He was a professor and former chair of the economics department at Howard University, served advisory posts for Congress and the Federal Reserve and was an assistant secretary in the Labor Department during the Obama administration. Most recently, he was chief economist of the AFL-CIO.

Spriggs was 68 years old. The AFL-CIO did not give a cause of death.

Neel Kashkari, president of the Minneapolis Fed, called Spriggs a "brilliant economist" and "tireless advocate for working people."

He noted Spriggs participated in numerous conferences the bank convened and influenced Kashkari's thinking on labor markets, economic opportunity, racial wealth gaps and other issues. He was also a mentor and friend to many at the Minneapolis Fed.

"Never one to hold back, Bill told us when he thought we were going in the wrong direction, and those debates were always robust but respectful," Kashkari said in a statement.

Six years ago, Spriggs became an advisor to the Minneapolis Fed as it created the Opportunity & Inclusive Growth Institute to study economic disparities. He remained involved until his death.

"He was always incredibly generous, but he was also very careful to really ask people to pull back the layers of why they thought they knew what they thought they knew," said Abigail Wozniak, the institute's director.

Spriggs last visited the institute in November despite being in poor health. The comments he made at the event have lingered with the scholars and economists who were there, she added.

She also expressed anger the economics profession didn't better recognize Spriggs before he died.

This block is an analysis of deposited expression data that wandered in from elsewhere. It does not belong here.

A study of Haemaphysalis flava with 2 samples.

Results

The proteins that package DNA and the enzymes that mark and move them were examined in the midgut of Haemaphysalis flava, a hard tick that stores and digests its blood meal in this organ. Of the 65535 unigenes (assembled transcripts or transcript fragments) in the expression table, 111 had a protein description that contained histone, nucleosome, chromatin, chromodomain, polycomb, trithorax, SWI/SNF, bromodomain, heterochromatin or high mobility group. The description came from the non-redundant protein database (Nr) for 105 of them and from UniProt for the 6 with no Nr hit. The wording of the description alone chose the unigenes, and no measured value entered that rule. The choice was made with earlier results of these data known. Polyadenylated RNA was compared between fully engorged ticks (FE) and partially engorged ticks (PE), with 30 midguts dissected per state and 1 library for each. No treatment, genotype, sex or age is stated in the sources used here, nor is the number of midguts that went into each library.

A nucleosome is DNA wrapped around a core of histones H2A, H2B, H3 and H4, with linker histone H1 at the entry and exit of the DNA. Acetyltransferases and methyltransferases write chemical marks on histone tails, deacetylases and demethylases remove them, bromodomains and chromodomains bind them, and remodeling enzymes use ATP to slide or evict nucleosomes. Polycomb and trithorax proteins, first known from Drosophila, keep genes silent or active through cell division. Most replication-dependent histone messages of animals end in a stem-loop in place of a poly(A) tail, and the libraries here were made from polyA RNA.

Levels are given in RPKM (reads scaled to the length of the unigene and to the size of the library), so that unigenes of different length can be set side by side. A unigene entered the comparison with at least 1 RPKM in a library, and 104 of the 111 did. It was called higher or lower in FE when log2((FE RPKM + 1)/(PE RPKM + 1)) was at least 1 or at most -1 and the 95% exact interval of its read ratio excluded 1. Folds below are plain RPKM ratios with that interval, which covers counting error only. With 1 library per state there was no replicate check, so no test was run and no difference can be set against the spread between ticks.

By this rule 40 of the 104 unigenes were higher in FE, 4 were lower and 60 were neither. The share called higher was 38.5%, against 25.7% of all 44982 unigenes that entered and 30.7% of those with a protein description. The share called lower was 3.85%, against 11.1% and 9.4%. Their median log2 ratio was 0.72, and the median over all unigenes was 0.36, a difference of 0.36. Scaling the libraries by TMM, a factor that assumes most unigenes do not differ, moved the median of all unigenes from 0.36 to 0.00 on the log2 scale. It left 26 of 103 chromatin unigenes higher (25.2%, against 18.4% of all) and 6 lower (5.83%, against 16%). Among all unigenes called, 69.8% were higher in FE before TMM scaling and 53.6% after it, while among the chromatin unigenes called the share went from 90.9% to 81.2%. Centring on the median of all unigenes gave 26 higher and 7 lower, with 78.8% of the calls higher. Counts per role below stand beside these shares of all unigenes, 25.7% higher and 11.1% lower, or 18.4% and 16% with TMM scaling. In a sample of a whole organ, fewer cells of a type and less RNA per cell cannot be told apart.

Spriggs influenced many younger economists of color.

Illenin Kondo, a senior research economist at the Minneapolis Fed, said Spriggs helped him understand why being a Black economist is important.

"When I think of Bill, I'm also sad because he's someone who throughout this work and his life has chosen to embrace the forum that chose to ignore his voice," Kondo said.

Following the 2020 police murder of George Floyd in Minneapolis, the Minneapolis Fed published a letter Spriggs wrote to the economics community that criticized it for being slow to recognize the effects of racism.

"Hopefully, this moment will cause economists to reflect and rethink how we study racial disparities," Spriggs wrote. "Trapped in the dominant conversation, far too often African American economists find themselves having to prove that African Americans are equal. We find ourselves, as so often happens in these ugly police cases, having to prove that acts of discrimination are exactly that: discrimination."

At a Federal Reserve conference in 2021, Spriggs expanded on his view that for far too long, economists assumed race did not affect individual outcomes.

"There appears to be no evidence that will get economists to admit: Yes, there's discrimination, and yes, it matters," he said at the conference.

In recent months, Spriggs argued the Fed's policymakers should be more cautious about raising interest rates, which he believed would lead to job losses. Full employment, he long argued, was especially good for Black workers.

"Bill was a towering figure in his field, a trailblazer who challenged the field's basic assumptions about racial discrimination in labor markets, pay equity and worker empowerment," President Joe Biden said in a statement. "His work inspired countless economists, some of whom work for our administration, to join him in the pursuit of economic justice."

Spriggs graduated from Williams College in Massachusetts and held a doctorate in economics from the University of Wisconsin-Madison.